2024-02-27 WLA notes on Ghosh Apocalypse lecture

  • notes stimulated by conversation with Wendy Elford and leximancer analysis of a transcript of AG's talk

find the narratives

  1. present-day zeitgeist around history ending apocalypse; roots in 1950s nuclear arms race; current expressions and actions led by techno and scientific elites; early basis in the theory of evolution and eugenics; and how those who believe in eugenics are willing to hasten an apocalypse

  2. the differences between catastrophist and gradualists perspectives; that catastrophist views are not unsound; the notion that this is a bio-political difference based on different relationships between human societies and the environment

  3. the growth of preparations by an elite to withstand and survive an apocalyptic event, and restart humanity with a clean slate; the delusions on which these survivalist ideas are based; a shared blind-spot: that the Western, educated, technology advantaged have better chances of surviving the expected catastrophes; the fragility of the industrialized and terra-formed regions of the Earth

  4. the abilities of humanity to avoid annihilation are to be found in the remaining indigenous knowledge, practices, and rituals of living within the natural world

notes from 2024-02-24:

  • Two notions (among several) that I pick up from this essay are: (1) extermination of the weak (eugenics), and the telos of evolution, or the natural order of things; and (2) bio-political perspective of the planetary crisis.

    In addition are:

    • the history of evolution and telos,
    • the techno-scientific and utopian visions of apocalypse,
    • the delusion that anyone can be insulated from the impacts of planetary crises, and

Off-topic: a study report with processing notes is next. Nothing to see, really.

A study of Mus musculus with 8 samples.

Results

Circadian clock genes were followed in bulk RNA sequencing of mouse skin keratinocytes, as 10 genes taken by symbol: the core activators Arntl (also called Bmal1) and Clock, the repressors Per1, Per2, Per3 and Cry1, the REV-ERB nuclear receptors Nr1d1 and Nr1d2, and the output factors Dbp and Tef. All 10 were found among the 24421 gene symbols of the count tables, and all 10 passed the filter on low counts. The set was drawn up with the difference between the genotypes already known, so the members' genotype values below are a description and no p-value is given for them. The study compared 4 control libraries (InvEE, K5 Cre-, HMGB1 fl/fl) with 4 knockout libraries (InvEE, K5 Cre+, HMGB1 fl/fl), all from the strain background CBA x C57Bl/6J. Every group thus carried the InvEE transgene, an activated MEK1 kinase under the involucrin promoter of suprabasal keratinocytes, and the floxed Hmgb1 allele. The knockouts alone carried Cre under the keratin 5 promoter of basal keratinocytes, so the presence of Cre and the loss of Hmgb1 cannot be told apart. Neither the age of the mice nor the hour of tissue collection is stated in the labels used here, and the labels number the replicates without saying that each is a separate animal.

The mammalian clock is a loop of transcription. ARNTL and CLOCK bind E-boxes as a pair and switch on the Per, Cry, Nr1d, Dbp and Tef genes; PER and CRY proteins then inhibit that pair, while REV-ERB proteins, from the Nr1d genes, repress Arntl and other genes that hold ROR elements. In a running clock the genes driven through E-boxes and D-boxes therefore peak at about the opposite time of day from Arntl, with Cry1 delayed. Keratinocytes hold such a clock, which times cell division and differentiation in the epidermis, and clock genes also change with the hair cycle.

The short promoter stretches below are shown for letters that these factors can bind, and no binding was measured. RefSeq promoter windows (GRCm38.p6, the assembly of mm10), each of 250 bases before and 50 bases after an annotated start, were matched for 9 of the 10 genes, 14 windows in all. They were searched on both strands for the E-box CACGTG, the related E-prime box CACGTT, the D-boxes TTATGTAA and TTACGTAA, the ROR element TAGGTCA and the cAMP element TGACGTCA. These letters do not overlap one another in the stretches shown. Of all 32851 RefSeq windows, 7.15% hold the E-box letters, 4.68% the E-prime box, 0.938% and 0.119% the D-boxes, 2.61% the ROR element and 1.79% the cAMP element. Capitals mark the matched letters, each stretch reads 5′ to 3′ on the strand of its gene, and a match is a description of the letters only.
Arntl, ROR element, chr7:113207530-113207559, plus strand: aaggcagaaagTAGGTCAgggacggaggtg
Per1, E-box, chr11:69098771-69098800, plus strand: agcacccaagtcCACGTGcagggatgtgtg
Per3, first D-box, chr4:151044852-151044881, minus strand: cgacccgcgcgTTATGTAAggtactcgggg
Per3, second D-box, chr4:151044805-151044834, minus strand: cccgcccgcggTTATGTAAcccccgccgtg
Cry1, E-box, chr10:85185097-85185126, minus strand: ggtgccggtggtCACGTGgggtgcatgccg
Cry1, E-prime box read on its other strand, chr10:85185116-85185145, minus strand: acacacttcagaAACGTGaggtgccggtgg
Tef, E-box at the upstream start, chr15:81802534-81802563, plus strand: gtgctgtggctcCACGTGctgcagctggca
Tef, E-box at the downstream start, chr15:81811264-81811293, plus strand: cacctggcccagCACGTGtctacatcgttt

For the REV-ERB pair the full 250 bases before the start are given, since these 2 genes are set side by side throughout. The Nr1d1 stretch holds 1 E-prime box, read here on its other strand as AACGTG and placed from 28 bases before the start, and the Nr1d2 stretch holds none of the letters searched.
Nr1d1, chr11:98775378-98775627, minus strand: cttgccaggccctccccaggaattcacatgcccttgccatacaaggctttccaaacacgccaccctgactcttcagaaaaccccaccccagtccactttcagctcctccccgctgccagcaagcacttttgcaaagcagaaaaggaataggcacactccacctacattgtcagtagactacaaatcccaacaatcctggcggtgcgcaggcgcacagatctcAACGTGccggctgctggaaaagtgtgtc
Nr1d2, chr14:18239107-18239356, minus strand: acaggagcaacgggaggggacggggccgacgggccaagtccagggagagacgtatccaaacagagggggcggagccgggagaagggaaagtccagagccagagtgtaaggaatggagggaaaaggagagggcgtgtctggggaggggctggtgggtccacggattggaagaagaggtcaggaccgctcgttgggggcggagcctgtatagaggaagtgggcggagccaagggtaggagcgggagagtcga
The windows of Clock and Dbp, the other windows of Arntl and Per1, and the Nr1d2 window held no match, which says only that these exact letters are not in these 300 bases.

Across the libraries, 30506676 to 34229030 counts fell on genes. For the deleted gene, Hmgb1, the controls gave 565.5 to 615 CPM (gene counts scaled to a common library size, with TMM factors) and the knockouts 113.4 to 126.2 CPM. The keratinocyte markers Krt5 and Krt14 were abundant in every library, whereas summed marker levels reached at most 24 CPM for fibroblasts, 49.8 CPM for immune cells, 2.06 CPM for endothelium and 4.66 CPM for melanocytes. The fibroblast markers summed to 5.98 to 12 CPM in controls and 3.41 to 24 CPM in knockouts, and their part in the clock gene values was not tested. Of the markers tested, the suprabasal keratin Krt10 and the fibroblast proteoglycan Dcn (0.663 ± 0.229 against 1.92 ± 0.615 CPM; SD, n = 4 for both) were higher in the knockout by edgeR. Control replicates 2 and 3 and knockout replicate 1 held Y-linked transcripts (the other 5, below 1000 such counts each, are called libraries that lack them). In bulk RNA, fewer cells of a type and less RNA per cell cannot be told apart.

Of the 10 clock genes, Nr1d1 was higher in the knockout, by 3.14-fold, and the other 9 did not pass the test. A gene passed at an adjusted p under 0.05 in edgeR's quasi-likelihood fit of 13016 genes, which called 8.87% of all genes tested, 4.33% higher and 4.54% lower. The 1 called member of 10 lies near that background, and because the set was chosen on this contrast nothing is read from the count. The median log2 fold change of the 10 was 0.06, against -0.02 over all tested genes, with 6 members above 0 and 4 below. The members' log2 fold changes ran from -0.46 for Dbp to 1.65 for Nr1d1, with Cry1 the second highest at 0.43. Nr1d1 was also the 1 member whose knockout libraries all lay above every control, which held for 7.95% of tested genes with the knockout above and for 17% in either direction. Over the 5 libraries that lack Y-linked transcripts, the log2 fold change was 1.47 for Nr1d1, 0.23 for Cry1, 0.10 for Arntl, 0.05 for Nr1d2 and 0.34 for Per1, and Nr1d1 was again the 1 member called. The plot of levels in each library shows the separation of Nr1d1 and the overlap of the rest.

• that the indigenous people, and the least developed regions of the Earth, are best suited to adapt to and survive catastrophes.

2024-02-27 some extracts:

Given the scale and diversity of the disruptions that are already being felt around the planet, it is hardly surprising that the prospect of a history ending apocalypse is once again being widely imagined.

[The Event] ... is envisaged as a cataclysm that will involve many kinds of protagonists, some of some of whom are impersonal non-human agencies, such as atmospheric forces, viruses, financial systems, self-replicating nanobots, and artificial intelligence.

What is at issue here ultimately are two radically different conceptions of the planetary crisis, one of which is broadly gradualist, while the other is catastrophist.

The forces that have been unleashed by global warming are not under anyone’s control, nor are they reliable allies of any party. ... . If there is anything that that we can now be sure of, it is that there is nothing predictable about the unintended consequences of techno-scientific interventions.

I suspect that the ... imaginings of apocalypse, that are now so widespread in the West, are based not so much on scientific data as on the anxieties generated by the experience of living in societies that are increasingly unable to deliver on their promises.

... what the future holds may be the exact inverse of the techno-scientific utopias dreamt of by cognitive elites. It would be a world, or worlds, in which those who have long been stigmatized as poor and backward will regain their lost sovereignty, as it comes to be realized that Humanity’s future, such as it is, depends not on space stations, or high-tech bunkers, or Martian colonies, but on being able to adapt to rapidly changing environments here on Earth.